American Federation of Labor - Congress of Industrial Organizations
March 18, 2003

Social Security and Medicare remain fundamentally strong, but efforts by President George W. Bush and his allies in Congress to push for a tax cut for the wealthy endanger the programs seniors rely on for health care and retirement security, said AFL-CIO President John Sweeney.

The government trustee panel overseeing Medicare released its annual report March 17 on the program's financial health. The fund covering hospital expenses (Part A) will be solvent until 2026, the trustees said. Medicare runs out of money four years more quickly than had been predicted only one year ago because of rising health costs. A separate trustees' panel on social security said the nation's most trusted family insurance program has enough funding to pay full benefits until 2042 and between 65 percent and 73 percent of benefits after that date.

"The Social Security and Medicare trustees reports...affirm the fundamental health of these important family protection programs and reinforce the need to commit the federal government to strengthening them," Sweeney said. At the same time, "the reports also underscore how the Bush administration's unaffordable proposed tax cuts for the wealthy undermine our nation's ability to guarantee income and health security for our seniors."

Bush is willing to trade in the long-term viability of working families' retirement security for a tax cut benefiting the wealthy, union leaders say. For example, taxpayers in the top 1 percent of the income scale-whose average income exceeds $1 million-would get tax cuts this year of $30,000 each, according to Citizens for Tax Justice, while those at the bottom 60 percent would get $131. The long-term cost of the tax cuts Bush pushed through in 2001 and is proposing this year is as much as one and one-half times the total long-term shortfalls in both Social Security and Medicare Part A, according to the Center on Budget and Policy Priorities. In other words, if Bush didn't cut taxes for the wealthy, he could shore up Medicare and Social Security for the next 75 years and still have $3 trillion left over.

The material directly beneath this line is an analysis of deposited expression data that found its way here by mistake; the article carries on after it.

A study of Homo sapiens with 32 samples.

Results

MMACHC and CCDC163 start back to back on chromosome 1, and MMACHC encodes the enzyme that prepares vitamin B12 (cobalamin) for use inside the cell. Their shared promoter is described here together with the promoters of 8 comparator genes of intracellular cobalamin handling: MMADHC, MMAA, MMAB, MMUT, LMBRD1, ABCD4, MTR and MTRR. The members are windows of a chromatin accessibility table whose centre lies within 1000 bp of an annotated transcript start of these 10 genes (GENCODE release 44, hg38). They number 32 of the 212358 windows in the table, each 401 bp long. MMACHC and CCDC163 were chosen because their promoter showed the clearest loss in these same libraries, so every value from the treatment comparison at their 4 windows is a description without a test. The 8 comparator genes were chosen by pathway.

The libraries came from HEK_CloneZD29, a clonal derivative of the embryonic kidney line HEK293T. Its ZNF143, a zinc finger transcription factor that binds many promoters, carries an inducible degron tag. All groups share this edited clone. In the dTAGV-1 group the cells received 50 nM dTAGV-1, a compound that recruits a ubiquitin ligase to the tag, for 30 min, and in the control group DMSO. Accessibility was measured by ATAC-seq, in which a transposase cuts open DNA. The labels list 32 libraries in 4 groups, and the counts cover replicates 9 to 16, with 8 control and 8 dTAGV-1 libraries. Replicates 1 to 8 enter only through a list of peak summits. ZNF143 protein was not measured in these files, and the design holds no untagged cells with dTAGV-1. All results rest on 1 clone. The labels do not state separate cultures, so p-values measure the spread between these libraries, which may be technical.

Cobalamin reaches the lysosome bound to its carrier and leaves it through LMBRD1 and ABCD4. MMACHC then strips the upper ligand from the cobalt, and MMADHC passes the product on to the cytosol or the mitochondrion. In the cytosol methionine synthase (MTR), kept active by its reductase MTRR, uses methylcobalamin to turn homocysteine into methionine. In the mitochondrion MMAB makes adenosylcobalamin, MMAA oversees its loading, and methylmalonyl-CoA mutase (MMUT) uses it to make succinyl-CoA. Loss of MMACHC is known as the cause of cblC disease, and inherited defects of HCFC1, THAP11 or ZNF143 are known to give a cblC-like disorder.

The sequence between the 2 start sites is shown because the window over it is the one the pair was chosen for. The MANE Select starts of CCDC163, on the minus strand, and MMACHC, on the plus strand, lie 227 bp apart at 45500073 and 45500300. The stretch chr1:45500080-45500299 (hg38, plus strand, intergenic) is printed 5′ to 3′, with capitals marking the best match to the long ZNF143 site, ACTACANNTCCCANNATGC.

Far from strengthening Medicare, Bush has embarked on a campaign to weaken it. He has offered a prescription drug plan that requires seniors to leave the doctors they know and trust and join private HMOs to get the full drug benefit, while others would get some catastrophic coverage and drug discount cards. He also is looking for ways to limit the services Medicare provides and to curtail the rights of seniors to appeal bureaucrats' decisions denying needed services. The president's proposed tax cuts for the wealthy also use up funds needed for a Medicare prescription drug benefit. Members of the House Budget Committee last week announced plans to provide only $28 billion for such a benefit over 10 years-while setting aside $726 billion for tax cuts for the wealthy.

Even though Social Security is healthier than ever, Bush administration officials reacting to the trustees' reports tried to portray the program as in dire straits-and ignored the Medicare report as a way to advance Bush's long-term goal of privatizing Social Security. Meeting behind closed doors in December 2001, Bush's handpicked panel of privatization advocates, the President's Commission to Strengthen Social Security, drew up plans to privatize Social Security at a cost of up to $2.8 trillion. Even at that price, the privatized plan would cut benefits for disabled workers and the surviving children of workers who die young. In addition, privatizing Social Security would require cuts to guaranteed benefits, raising the retirement age or both.

"The stock market collapse and corporate crimes of the past years set workers and retirees back decades in building retirement security," said Sweeney. "Working families need the guarantees of Social Security and Medicare more than ever."